Every form of entertainment has established devices that are commonly used to get a message across. Television and movies have plot devices that move the story forward. They are so well established that we don’t even notice them, they are just conventions that make sense to us. These are called tropes.
Vine was released in 2013, and although this form of entertainment is only 3 years old, there have been plenty of tropes established, especially in the Vine comedy genre. As a product of the millennial teenage world, I’ve realized that Vines are everywhere. There has been countless times where I have been asked to watch a hilarious Vine. It’s so popular because its so simple, only 6 seconds of your life is wasted if you don’t end up enjoying the video. But if you think about it, 6 seconds is very little time to make someone laugh. That’s why these tropes exist…because they are formulas that always get a laugh or create comedy.
There are the Vines that take an absurd twist at the end. This type of vine is usually a short scene with a couple lines and the last line takes the scene the most absurd route. Usually an uncalled for insult or something completely irrelevant. The abrupt ending, sometimes cutting off that last line, leaves the viewer with that “wait what the hell was that” laugh.This is not to be confused with what I like to call the “scratching record effect” which is when the scene’s normal conversation ends with random comment, just like every “record scratch” moment in television and movies. However, I think it’s so much funnier with Vines because it happens so quickly.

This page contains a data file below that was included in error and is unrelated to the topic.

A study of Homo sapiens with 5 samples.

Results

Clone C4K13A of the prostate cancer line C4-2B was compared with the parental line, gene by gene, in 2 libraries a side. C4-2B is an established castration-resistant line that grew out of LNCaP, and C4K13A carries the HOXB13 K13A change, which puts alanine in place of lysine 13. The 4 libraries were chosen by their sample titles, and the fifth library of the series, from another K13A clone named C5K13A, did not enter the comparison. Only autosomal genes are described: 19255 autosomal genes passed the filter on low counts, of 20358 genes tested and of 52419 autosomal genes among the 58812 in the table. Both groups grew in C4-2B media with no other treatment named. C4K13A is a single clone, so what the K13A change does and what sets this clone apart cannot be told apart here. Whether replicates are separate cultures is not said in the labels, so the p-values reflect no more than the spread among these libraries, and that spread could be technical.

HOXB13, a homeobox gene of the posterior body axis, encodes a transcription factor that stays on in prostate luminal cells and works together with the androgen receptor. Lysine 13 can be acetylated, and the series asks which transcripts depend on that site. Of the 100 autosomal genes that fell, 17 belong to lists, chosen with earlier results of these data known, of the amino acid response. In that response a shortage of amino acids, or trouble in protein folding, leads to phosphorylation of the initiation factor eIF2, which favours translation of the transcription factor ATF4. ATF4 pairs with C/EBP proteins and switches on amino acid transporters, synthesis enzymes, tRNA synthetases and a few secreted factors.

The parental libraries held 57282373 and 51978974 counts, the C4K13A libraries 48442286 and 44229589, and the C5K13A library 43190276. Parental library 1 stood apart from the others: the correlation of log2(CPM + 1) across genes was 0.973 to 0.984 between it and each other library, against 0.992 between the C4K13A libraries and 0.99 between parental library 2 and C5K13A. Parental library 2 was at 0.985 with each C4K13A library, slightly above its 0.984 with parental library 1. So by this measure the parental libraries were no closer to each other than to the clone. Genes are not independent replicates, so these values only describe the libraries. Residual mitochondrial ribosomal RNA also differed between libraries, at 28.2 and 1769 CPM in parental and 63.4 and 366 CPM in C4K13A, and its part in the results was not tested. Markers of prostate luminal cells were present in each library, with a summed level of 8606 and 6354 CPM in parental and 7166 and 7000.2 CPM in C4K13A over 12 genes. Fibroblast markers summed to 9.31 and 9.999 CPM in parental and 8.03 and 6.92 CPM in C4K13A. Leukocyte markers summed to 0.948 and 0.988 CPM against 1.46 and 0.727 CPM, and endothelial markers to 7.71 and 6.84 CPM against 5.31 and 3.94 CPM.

There are vines with music in them. These usually feature scenes of people dancing weirdly or some sort of action that is equally as ridiculous. Also we have the vines that have music at the end of them to quickly wrap the scene up. This revisits the common trope of: the faster or more abrupt the Vine ends, the funnier it is because it leaves you saying “what the hell?”
There is the SNL effect of finding humor in characters made from every day observations. I’ve seen the “typical household mom” character which is hilarious because all of the observations made about what they say is so accurate. However, the most unique Vine trope of them all is the fact that this app is the video equivalent of Twitter. Tweets are messages limited to 140 characters and Vines are messages limited to 6 seconds of video. So there are some Vines that are humorous for the same reason some joke tweets are humorous. These Vines use the “relatable tweets” formula. Except instead of a picture or a meme being the punchline, it’s the 6 seconds of video.
These are all common formulas Vine comedy has based itself on. And this is just Vine comedy. There are thousands of other 6 second videos out there with other sorts of content. Vine has started an entertainment revolution. These videos aren’t just on the app anymore, they are put in miscellaneous tweets, Facebook blogs, Tumblr posts, etc. I highly recommend watching some of these videos and trying to see what device each one uses. I’m not saying that these Vines are unoriginal, quite the opposite actually. I’m simply saying that these established tropes have legitimized the form of entertainment.